Abstract

Patients with estrogen receptor-positive (ER+) breast cancer, the most common subtype, remain at risk for lethal metastatic disease years after diagnosis. Recurrence arises partly because tumor cells in bone marrow become resistant to estrogen-targeted therapy. Here, we utilized a co-culture model of bone marrow mesenchymal stem cells (MSCs) and ER+ breast cancer cells to recapitulate interactions of cancer cells in bone marrow niches. ER+ breast cancer cells in direct contact with MSCs acquire cancer stem-like (CSC) phenotypes with increased resistance to standard antiestrogenic drugs. We confirmed that co-culture with MSCs increased labile iron in breast cancer cells, a phenotype associated with CSCs and disease progression. Clinically approved iron chelators and in-house lysosomal iron-targeting compounds restored sensitivity to antiestrogenic therapy. These findings establish iron modulation as a mechanism to reverse MSC-induced drug resistance and suggest iron modulation in combination with estrogen-targeted therapy as a promising, translatable strategy to treat ER+ breast cancer.

Fig. 2: ER+ breast cancer cells co-cultured with MSCs acquire resistance to estrogen-targeted therapies.
Fig. 3: Co-culture with MSCs increases CSC phenotypes in ER+ breast cancer cells.
Fig. 4: RNA Sequencing of cancer cells in monoculture versus co-culture with MSCs reveals an increase in EMT, metal, and redox genes and pathways.
Fig. 5: Co-culture with MSCs increases labile iron in ER+ breast cancer cells.
Fig. 6: Levels of iron-associated proteins FTH1 decrease and LCN2 and CD44 increase in cancer cells in co-culture with MSCs.
Fig. 7: Iron chelators and ironomycin compounds sensitize ER+ breast cancer cells to fulvestrant.
Fig. 8: DFO and AM23 treatment in combination with fulvestrant does not enrich for CSCs.

Data availability

RNA sequencing data have been deposited in the Gene Expression Omnibus database (GEO accession number GSE196312).

Code availability

All custom MATLAB codes are available upon request through a material transfer agreement.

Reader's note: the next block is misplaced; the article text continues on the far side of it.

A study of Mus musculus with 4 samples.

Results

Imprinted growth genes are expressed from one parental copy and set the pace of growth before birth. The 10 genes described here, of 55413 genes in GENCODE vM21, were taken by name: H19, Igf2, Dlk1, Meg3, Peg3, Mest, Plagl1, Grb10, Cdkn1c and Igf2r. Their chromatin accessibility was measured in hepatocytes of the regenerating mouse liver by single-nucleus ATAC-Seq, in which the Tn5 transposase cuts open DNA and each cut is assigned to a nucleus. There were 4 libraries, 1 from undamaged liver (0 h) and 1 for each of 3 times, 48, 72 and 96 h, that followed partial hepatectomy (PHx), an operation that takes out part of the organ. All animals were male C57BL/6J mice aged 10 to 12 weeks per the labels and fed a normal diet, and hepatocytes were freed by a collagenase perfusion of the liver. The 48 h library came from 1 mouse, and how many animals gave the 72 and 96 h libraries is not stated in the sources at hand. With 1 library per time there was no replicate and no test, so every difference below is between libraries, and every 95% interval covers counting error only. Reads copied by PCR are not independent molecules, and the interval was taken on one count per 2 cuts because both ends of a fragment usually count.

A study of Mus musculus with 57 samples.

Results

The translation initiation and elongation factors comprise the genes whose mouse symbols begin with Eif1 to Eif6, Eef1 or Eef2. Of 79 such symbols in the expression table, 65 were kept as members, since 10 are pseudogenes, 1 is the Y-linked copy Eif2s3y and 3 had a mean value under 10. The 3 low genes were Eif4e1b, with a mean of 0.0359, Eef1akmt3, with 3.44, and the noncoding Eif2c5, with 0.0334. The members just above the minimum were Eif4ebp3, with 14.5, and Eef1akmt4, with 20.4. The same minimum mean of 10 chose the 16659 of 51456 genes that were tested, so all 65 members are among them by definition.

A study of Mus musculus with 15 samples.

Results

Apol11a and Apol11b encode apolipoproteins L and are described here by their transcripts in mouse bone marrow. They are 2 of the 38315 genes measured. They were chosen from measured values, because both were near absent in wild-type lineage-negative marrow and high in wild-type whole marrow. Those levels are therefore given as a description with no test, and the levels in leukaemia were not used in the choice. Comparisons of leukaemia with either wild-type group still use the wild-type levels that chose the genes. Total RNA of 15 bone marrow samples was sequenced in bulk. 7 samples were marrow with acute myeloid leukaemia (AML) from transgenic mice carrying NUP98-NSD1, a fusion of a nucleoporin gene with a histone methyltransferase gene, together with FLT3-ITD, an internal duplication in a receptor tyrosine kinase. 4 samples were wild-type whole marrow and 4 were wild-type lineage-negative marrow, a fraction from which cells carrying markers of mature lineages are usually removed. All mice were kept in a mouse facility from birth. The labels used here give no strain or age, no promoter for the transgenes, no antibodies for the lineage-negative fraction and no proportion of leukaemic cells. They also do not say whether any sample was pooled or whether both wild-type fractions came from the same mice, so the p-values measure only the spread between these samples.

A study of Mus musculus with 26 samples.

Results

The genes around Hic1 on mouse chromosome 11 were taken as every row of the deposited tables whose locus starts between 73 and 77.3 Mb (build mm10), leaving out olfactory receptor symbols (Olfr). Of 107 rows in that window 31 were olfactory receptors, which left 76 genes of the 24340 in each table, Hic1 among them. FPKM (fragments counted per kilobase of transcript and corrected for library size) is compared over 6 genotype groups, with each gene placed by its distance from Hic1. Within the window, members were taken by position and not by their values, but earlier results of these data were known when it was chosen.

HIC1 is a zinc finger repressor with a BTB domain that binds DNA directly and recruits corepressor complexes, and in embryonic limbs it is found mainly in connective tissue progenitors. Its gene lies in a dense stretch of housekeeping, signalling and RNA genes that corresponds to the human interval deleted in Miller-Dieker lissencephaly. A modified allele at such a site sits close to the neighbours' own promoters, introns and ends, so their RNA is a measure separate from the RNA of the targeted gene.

We thank Sean Linkes, Ann Marie Deslauriers-Cox, and Michael Pihalja for assistance with Flow cytometry. We acknowledge support from the Advanced Genomics Core, the Flow Cytometry Core, and the Center for Molecular Imaging Core of the University of Michigan Medical School’s Biomedical Research Core Facilities.

Funding

We acknowledge support to the University of Michigan Rogel Cancer Center through National Institutes of Health grant P30CA046592 for flow cytometry and animal imaging studies. The authors acknowledge funding from NIH grants R01CA100768, R01CA238042, R01GM138385, R01CA148828, R01CA245546, R01DK095201, R01CA248160, R35CA197585, R01CA2449310, U01CA210152, R01CA238023, R33CA225549, R50CA221807, and R37CA222563 and funding from the Breast Cancer Research Foundation grant BCRF-18-173. RR lab is funded by the European Research Council under the European Union’s Horizon 2020 research and innovation programme grant agreement No 647973 (R.R.), the Foundation Charles Defforey-Institut de France, and Ligue Contre le Cancer Equipe Labellisée. This material is based upon work supported by the National Science Foundation Graduate Research Fellowship under Grant No. DGE 1256260 (JMB and AJM). BAH, Ph.D., was supported by an American Cancer Society - Michigan Cancer Research Fund Postdoctoral Fellowship, PF-18-236-01-CCG. ZCN is supported by the Michigan Postdoctoral Pioneer Program at the University of Michigan Medical School.


Corresponding author

Correspondence to Gary D. Luker.


CAL has received consulting fees from Astellas Pharmaceuticals, Odyssey Therapeutics, and T-Knife Therapuetics, and is an inventor on patents pertaining to Kras regulated metabolic pathways, redox control pathways in pancreatic cancer, and targeting the GOT1-pathway as a therapeutic approach (US Patent No: 2015126580-A1, 05/07/2015; US Patent No: 20190136238, 05/09/2019; International Patent No: WO2013177426-A2, 04/23/2015). GDL has received research funding from InterAx Biotech AG and Polyphor (now part of Spexis). The remaining authors declare no competing interests.